Workers building a new railway in London have unearthed about 20 skulls that date back to Roman times.
Found under a utility tunnel below Liverpool Street, the skills were found underneath a 16th century Bedlam burial ground where 3,000 skeletons will be removed in a major dig next year, according to a Crossrail statement.
“This is an unexpected and fascinating discovery that reveals another piece in the jigsaw of London’s history,” lead archaeologist Jay Carver said, adding that this isn’t the first time skulls have been discovered in the area. “We now think the skulls are possibly from a known Roman burial ground about 50 meters up river from our Liverpool Street station worksite. Their location in the Roman layer indicates they were possibly washed down river during the Roman period.”
The skulls were found clustered together 20 feet underground along with some Roman pottery. Archaeologists first believed the skulls were decapitated heads from British Queen Boudicca's troops during her rebellion against Roman occupation in the year 60. But now, experts say they were from a Roman cemetery that was eroded by the Walbrook River, a body of water that now lies completely underground after it was paved over in the 15th century.
While the skulls have yet to be dated, they most likely come from the 3rd and 4th centuries AD, when Romans buried their dead instead of cremating them, the BBC reports.
"It's relatively unusual to find so many concentrated [in one area] when you're not in a graveyard. We're 100 yards outside the Roman city walls," Nicholas Elsden from the Museum of London Archaeology told the BBC. "What we're looking at here is how the Romans viewed their dead. You wouldn't imagine modern burial grounds being allowed to wash out into a river."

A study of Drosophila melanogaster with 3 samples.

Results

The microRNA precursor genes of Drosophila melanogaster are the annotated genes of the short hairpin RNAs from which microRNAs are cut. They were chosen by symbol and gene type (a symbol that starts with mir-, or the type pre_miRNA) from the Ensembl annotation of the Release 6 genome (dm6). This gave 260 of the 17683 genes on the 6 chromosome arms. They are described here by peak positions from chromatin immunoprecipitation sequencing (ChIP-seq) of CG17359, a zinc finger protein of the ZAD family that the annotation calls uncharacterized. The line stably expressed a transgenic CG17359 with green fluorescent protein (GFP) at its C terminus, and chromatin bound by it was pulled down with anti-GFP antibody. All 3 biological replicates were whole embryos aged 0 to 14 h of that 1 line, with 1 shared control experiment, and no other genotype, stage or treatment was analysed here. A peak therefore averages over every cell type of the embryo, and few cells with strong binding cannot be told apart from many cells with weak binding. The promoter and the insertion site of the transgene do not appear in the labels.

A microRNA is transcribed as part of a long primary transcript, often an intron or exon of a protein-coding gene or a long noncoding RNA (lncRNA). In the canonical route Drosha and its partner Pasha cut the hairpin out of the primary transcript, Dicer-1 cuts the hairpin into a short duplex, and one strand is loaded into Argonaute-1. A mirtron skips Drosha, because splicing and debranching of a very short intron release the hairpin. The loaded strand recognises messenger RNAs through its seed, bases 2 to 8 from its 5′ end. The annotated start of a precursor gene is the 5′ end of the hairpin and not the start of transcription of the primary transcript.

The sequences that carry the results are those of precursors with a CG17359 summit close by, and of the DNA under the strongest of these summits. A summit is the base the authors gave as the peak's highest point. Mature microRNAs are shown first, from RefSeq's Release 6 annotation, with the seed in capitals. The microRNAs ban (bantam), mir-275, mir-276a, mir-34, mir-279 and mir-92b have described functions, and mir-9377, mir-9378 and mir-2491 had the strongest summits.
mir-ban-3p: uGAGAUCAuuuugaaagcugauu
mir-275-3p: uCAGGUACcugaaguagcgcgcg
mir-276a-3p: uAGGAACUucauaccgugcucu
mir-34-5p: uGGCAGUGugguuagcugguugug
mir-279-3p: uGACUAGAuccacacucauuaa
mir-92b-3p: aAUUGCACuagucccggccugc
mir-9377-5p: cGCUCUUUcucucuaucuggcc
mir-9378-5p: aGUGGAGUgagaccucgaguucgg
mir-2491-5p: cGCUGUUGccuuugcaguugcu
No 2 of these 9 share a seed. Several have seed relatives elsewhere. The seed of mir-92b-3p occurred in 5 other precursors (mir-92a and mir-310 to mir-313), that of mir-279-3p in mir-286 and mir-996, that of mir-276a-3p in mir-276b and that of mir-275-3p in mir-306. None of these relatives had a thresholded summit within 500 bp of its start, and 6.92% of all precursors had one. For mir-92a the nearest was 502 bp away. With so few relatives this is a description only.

Further examination will reveal exactly how the 20 or so Romans died, but experts say it doesn’t look like foul play. Chemical markers on the skulls’ teeth can reveal where the people came from and what they ate. Sex and age can also be determined with further investigation.
"Forensic studies show that when the body disintegrates near a watercourse, the skull travels furthest, either because it floats or it can roll along the base of the river,” Don Walker, an osteologist also from the Museum of London Archaeology, said. "They were possibly buried in an area where there wasn't much land available. At the moment it looks as though they've collected together through natural processes."
This isn’t the first find Crossrail workers uncovered in the past few months. A 9,000-year-old ‘tool-making factory’ with 150 pieces of flint, a 16th century gold coin and 3,000 skeletons were also found.